No longer fit for purpose – that’s how the Otago Regional Council’s own lawyer has characterised the region’s freshwater controls.
The comments came as the council opened its case in the Environment Court on the future of water rights in the region.
For the first time ever, the Environment Minister has called in proposed changes to how a regional council manages its resources.
Hundreds of historical water takes dating back to the goldfields remain in place in Otago.
When the Resource Management Act came into effect in October 1991, Otago was the outlier with those holding historical permits given 30 years until 1 October 2021 to change to resource consents.
With expiry only six months away, more than 330 remain in effect and more than 200 holders have not even applied for a replacement consent.
Plan Change 7 – which is being argued in the Environment Court – attempted to provide an interim framework for water rights in the region.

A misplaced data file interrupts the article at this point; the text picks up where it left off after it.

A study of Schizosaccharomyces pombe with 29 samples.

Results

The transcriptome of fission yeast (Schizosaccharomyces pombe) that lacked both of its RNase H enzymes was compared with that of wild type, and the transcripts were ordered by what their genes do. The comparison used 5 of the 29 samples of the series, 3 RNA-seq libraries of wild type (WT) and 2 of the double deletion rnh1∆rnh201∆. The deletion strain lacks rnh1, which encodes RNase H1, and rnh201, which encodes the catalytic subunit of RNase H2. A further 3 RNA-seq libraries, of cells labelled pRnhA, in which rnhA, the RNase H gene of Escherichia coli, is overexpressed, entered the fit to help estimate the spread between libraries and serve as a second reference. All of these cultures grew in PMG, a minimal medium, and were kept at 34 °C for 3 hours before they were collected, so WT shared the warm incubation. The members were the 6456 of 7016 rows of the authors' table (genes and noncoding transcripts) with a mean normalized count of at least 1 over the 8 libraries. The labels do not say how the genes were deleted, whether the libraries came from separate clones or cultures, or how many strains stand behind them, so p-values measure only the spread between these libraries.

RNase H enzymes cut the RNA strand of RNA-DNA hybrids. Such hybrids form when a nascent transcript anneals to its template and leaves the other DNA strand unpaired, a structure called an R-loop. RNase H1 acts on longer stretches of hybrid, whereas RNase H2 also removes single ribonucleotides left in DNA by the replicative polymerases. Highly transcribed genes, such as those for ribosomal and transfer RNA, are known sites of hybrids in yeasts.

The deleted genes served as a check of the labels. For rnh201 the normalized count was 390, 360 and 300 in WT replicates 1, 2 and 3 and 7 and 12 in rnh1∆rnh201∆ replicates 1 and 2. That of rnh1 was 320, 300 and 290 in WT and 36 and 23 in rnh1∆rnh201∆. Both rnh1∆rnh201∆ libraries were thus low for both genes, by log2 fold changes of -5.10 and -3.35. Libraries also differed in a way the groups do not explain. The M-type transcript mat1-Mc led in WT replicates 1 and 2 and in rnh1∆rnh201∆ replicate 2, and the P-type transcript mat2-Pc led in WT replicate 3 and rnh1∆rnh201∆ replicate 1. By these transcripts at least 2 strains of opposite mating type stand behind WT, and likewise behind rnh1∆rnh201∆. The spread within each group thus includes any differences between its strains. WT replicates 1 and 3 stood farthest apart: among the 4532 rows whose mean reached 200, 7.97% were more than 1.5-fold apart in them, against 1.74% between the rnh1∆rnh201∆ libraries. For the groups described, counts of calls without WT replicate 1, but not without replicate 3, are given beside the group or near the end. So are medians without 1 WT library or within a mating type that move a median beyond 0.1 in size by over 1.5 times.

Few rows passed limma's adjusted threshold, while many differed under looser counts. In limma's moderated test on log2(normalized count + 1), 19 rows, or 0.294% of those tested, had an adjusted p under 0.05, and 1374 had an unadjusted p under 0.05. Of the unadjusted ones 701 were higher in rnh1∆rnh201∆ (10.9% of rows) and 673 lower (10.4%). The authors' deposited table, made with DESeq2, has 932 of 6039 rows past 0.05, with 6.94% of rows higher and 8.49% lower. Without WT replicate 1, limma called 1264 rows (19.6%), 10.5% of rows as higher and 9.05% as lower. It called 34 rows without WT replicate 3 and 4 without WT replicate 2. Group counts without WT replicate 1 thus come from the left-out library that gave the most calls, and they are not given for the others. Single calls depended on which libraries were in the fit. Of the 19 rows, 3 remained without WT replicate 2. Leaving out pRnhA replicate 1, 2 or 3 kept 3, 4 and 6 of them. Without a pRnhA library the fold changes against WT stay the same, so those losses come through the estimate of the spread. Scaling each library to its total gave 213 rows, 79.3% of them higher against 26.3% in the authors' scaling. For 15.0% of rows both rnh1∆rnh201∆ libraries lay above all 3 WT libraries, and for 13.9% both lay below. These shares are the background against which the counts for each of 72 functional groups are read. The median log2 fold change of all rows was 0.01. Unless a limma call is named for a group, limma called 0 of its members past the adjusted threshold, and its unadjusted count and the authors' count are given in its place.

Otago Regional Council lawyer Philip Maw told the court that framework would be in place until a more exhaustive freshwater management regime was announced at the end of 2023.
“Otago Regional Council is at a critical stage in its freshwater planning. The current freshwater planning framework in Otago is acknowledged as being no longer fit for purpose.
“It is a product of its time being prepared prior to the National Policy Statement for Freshwater Management 2020.
“A new NPSFM-compliant framework is required and the council is committed to having that framework in place by 31 December 2023.”
The danger of maintaining the status quo was water takes with extended periods would simply move the burden of addressing environmental concerns onto the next generation.
More than 50 parties are expected to make submissions to the court over the next seven weeks.